So often, I come across posts that talk about how lit fests are a waste of time for authors, and how lit fests exclude rather than include. For me, though, lit fests remain unadulterated fun. Does this have something to do with being a children’s writer, perhaps?
The Lit Bug Fest, Pune’s own lit fest, is in its fourth year, and I have been involved with it for the last three years. I love everything about it – the anticipation, the fest itself, and then, the high I’m left with for a few days after.
Writing about the day helps me relive it and remember. Here are my posts about the fest last year and the year before that:
What I did this year:
A Marathi Play
My day began with a Marathi play presented by students from classes V and VI. Honestly, when I sat down to watch, I did not expect to enjoy it much. It was a school production, how entertaining could it be? I don’t know if it’s just me, but sometimes, amateur performances are so over the top, that I’m embarrassed just watching them.
This one came as a pleasant surprise. I enjoyed how music was used, and I found myself chuckling more than once. It was a nice start to a day of stories!
A Dance Performance
Since the Lit Bug Fest in 2017, I have been meaning to watch Nikhil Parmar and Meghna Rao perform. Somehow, though, the timing has never suited me. Even this time, I could stay for only two of their three pieces, but how enjoyable they were!
The theme of this year’s Lit Bug Fest was languages, and the session was an exploration of the language of dance. The first piece Meghna and Nikhil performed told the famous story of the snake Kaliya, and Krishna’s triumph over it. The language of Kathak, together with the words, was lovely.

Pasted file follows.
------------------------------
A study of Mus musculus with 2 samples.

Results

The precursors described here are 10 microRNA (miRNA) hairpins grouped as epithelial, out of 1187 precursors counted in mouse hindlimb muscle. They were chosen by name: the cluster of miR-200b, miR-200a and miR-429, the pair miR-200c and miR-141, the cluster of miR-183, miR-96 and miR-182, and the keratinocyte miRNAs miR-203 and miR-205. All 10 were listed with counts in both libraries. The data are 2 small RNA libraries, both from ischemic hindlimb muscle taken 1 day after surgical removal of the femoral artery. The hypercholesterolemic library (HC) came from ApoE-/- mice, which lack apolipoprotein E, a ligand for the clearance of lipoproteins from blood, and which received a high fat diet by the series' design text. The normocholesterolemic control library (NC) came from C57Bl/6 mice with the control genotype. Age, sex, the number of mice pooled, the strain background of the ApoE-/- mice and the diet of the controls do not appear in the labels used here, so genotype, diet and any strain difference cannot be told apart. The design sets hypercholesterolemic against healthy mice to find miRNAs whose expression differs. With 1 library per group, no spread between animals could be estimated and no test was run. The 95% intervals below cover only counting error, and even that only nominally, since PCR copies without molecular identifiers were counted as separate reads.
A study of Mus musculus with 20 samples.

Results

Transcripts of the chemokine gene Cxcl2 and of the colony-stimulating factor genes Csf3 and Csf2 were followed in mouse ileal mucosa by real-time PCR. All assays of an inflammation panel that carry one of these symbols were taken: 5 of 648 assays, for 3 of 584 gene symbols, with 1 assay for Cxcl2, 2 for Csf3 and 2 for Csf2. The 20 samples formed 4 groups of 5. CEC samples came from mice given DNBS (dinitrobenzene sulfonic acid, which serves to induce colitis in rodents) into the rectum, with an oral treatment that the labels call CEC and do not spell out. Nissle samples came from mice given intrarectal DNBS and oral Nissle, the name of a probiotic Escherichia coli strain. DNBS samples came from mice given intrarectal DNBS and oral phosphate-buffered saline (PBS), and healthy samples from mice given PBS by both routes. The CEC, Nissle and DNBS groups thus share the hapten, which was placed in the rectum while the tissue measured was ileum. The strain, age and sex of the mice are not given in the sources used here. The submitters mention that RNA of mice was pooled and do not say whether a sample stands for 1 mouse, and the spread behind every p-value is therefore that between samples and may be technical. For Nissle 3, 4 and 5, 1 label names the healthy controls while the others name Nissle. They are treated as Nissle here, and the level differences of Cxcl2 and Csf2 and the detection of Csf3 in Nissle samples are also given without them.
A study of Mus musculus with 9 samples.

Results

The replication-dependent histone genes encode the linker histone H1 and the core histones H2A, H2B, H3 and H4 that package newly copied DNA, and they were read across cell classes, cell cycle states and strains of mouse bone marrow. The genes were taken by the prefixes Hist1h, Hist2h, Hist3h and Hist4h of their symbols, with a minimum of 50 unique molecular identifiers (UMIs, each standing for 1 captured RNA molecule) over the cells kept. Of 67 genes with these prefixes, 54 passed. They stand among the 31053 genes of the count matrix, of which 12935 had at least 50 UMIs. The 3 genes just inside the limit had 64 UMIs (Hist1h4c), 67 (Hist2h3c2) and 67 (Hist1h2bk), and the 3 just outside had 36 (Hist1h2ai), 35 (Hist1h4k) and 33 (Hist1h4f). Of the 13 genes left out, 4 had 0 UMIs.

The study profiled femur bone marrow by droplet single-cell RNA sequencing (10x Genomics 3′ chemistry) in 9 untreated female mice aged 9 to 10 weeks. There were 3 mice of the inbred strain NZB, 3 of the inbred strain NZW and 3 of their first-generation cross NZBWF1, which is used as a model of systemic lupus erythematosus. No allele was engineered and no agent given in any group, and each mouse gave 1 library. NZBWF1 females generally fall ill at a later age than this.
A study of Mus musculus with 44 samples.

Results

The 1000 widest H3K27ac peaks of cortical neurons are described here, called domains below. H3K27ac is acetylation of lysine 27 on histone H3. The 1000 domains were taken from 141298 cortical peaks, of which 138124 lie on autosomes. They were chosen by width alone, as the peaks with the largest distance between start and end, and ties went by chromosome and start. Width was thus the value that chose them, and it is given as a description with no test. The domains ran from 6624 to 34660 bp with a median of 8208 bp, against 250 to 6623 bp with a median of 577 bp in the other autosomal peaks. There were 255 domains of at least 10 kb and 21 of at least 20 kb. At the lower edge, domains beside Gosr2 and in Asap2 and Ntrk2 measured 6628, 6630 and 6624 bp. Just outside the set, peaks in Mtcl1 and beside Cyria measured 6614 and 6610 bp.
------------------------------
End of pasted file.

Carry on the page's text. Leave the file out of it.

The second piece was based on a poem by Gulzar. A gentle, evocative rendition, Meghna performed through dance what Nikhil presented through vaachika abhinaya – words. I wish I could have stayed for the third piece too, but it was time to prepare for my own event – exploring the prophecy of Rasphora.
The Prophecy of Rasphora
With an enthusiastic audience, only too willing to participate, I had a wonderful time exploring language through The Prophecy of Rasphora. We played games around language, trying to create words in a brand-new language, Rasphoran. What words would you choose to translate? What words do you love?
The children (and adults) came up with words for life, love, thank you, mirror, hello, waterfall, painting … I loved it!
I did feel bad, though, that so much of my session depended on a handout. I had a visually impaired person in the audience, and such a strong focus on graphic material was not a good idea. I will do better next time.
A Multi-Lingual Storytelling Session
I took a long break after my session, for the loveliest reason of all – book signing! As usual, though, I took no pictures, but my heart is warm with the images in my head.
Immediately after the break, I attended Vaishali Kulkarni’s storytelling session. I was left wide-eyed with admiration. She gave the audience imaginary remote controls that would make her switch from Hindi to English to Marathi, at random! Her story was animated, fun and full of laughter, but what impressed me most was her skill with language. During this session, she did not speak Tamil, but she had a Tamil storytelling session later in the day – she is incredible!
Sanskrit Interactive Storytelling
The last session I attended at the Lit Bug Fest was another delightful one. Vinayak Walankar, the storyteller, told his tale entirely in Sanskrit, and the audience – most of which did not know the language – was enthralled. Fun activities, a dramatic story about a family whose wishes go awry, numbers, gestures … We were laughing almost throughout. What impressed me most was that no words from other languages slipped in, or at least, none that I noticed. It was lovely!
I left shortly after this session – with three performances next week, I cannot afford to skip a rehearsal. I’m sure the Lit Bug Fest will be back next year with more!